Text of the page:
Well, would you believe it? A whole day at the General Synod in York without bishops being on the agenda. (Don't worry, Monday's coming.)
The mission of the Church of England makes it essential for us to open the door to women bishops – although there now seems to be a greater determination in the Synod itself to get it right rather than to get it quick. Yet, today we debate matters that affect the lives of huge numbers of people in the communities our churches are called to serve and reach in the name of Christ: (a) safeguarding (following up the Chichester commissaries' reports), and (b) welfare reform and the church.
Naturally, our appetites will be whetted by worship in York Minster in the morning and some wonderful legislative material in the early afternoon: The Faculty Jurisdiction Rules 2013 and other stuff I am not even going to begin to describe. All important, but, in some way, opening the door to the heavy debates later.
The Church of England is determined to be transparent regarding safeguarding matters. There is determination in these papers to face the historic problem and make sure abuse or grooming cannot happen again. No complacency or illusions, but real determination. It has to be a good thing, surely, that more survivors of abuse are feeling able to come forward – even if this causes institutions like the church massive embarrassment, humiliation, reputational damage and loss of moral authority.
Indeed, when I spoke to a group of young leaders in Ilkley last week, one young woman put it to me that the church had forfeited any moral authority because of such scandals – a charge I took very seriously. I hope this will be the start of a conversation about 'moral authority' and what legitimises ethical comment and judgement.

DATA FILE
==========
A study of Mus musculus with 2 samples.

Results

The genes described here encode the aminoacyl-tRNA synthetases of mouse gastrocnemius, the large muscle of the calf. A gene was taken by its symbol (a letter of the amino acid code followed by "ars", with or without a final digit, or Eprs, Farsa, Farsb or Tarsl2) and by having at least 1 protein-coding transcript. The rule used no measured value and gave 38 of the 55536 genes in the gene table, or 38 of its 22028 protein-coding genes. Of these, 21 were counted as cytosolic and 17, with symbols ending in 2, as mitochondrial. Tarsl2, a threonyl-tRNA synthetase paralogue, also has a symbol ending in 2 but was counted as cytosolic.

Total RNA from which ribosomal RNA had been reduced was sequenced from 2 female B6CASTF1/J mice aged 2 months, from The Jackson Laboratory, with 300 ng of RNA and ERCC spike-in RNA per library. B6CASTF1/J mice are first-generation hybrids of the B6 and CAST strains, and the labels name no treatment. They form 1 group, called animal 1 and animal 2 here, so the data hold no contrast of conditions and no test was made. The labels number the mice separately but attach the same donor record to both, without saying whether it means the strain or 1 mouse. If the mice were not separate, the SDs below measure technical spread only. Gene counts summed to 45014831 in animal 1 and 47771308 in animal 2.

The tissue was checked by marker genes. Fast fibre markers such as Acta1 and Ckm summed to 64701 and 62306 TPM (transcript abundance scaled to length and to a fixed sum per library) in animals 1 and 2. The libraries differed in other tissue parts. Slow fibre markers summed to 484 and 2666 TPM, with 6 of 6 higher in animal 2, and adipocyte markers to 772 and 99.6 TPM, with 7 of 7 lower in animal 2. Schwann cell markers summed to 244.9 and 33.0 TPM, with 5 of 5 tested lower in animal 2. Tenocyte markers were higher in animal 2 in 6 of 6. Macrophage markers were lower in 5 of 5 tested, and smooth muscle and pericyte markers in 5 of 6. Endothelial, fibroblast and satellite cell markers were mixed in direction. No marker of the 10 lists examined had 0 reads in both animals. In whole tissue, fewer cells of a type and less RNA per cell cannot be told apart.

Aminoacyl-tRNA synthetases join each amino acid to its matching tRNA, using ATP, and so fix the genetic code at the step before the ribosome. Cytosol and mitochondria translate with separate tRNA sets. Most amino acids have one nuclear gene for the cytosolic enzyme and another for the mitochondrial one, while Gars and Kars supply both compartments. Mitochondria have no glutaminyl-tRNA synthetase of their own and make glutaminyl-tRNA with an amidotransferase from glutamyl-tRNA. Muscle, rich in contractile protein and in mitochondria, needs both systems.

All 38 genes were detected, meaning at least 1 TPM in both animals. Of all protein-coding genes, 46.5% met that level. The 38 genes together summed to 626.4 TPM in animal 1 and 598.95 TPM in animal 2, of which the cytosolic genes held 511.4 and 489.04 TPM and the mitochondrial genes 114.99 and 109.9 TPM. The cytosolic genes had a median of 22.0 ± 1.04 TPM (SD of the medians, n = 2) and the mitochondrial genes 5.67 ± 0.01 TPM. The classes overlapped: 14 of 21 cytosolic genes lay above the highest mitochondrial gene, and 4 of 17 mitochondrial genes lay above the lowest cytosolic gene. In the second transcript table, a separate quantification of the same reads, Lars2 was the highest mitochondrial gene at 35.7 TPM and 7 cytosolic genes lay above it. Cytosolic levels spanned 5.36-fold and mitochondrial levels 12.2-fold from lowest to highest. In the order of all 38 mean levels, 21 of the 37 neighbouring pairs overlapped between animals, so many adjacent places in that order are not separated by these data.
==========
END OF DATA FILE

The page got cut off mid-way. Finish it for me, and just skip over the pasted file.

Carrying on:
Welfare reform is causing misery and devastation in many of our communities. I have written on this many times before now. Suspend your ideologies and political allegiances for one minute and it becomes possible to see the effects of the cuts (as, if you like, observable phenomena) aside from justifications or condemnations.
The numbers of people using food banks is growing by the day. These are not 'skivers' or 'scroungers' or people whose “chaotic lives (not shortage of cash) cause parents to send their children to school without breakfast” – as Education Secretary Michael Gove put it so generously last week. Meanwhile the misrepresentation by the powerful of poor people continues unabated.
The Synod will debate these matters not in order to boost its self-referential credibility or its self-justifying sense of righteousness. It will debate these matters on behalf of those whose voice is not heard and whose plight is too often ignored or misrepresented. And it will do so because of a biblical mandate to “open your mouth for the dumb” (Proverbs 31:8-9) and because Jesus said/did things that were good news for poor people and bad news for the cushioned rich.
The church can do no other than articulate what it sees and experiences every day. Synod brings together the stories and the analysis and places a magnifying glass over both. Not for the sake of the church – just for the sake of those whose life is tough.
Speak up for those who cannot speak for themselves, for the rights of all who are destitute.
Speak up and judge fairly; defend the rights of the poor and needy.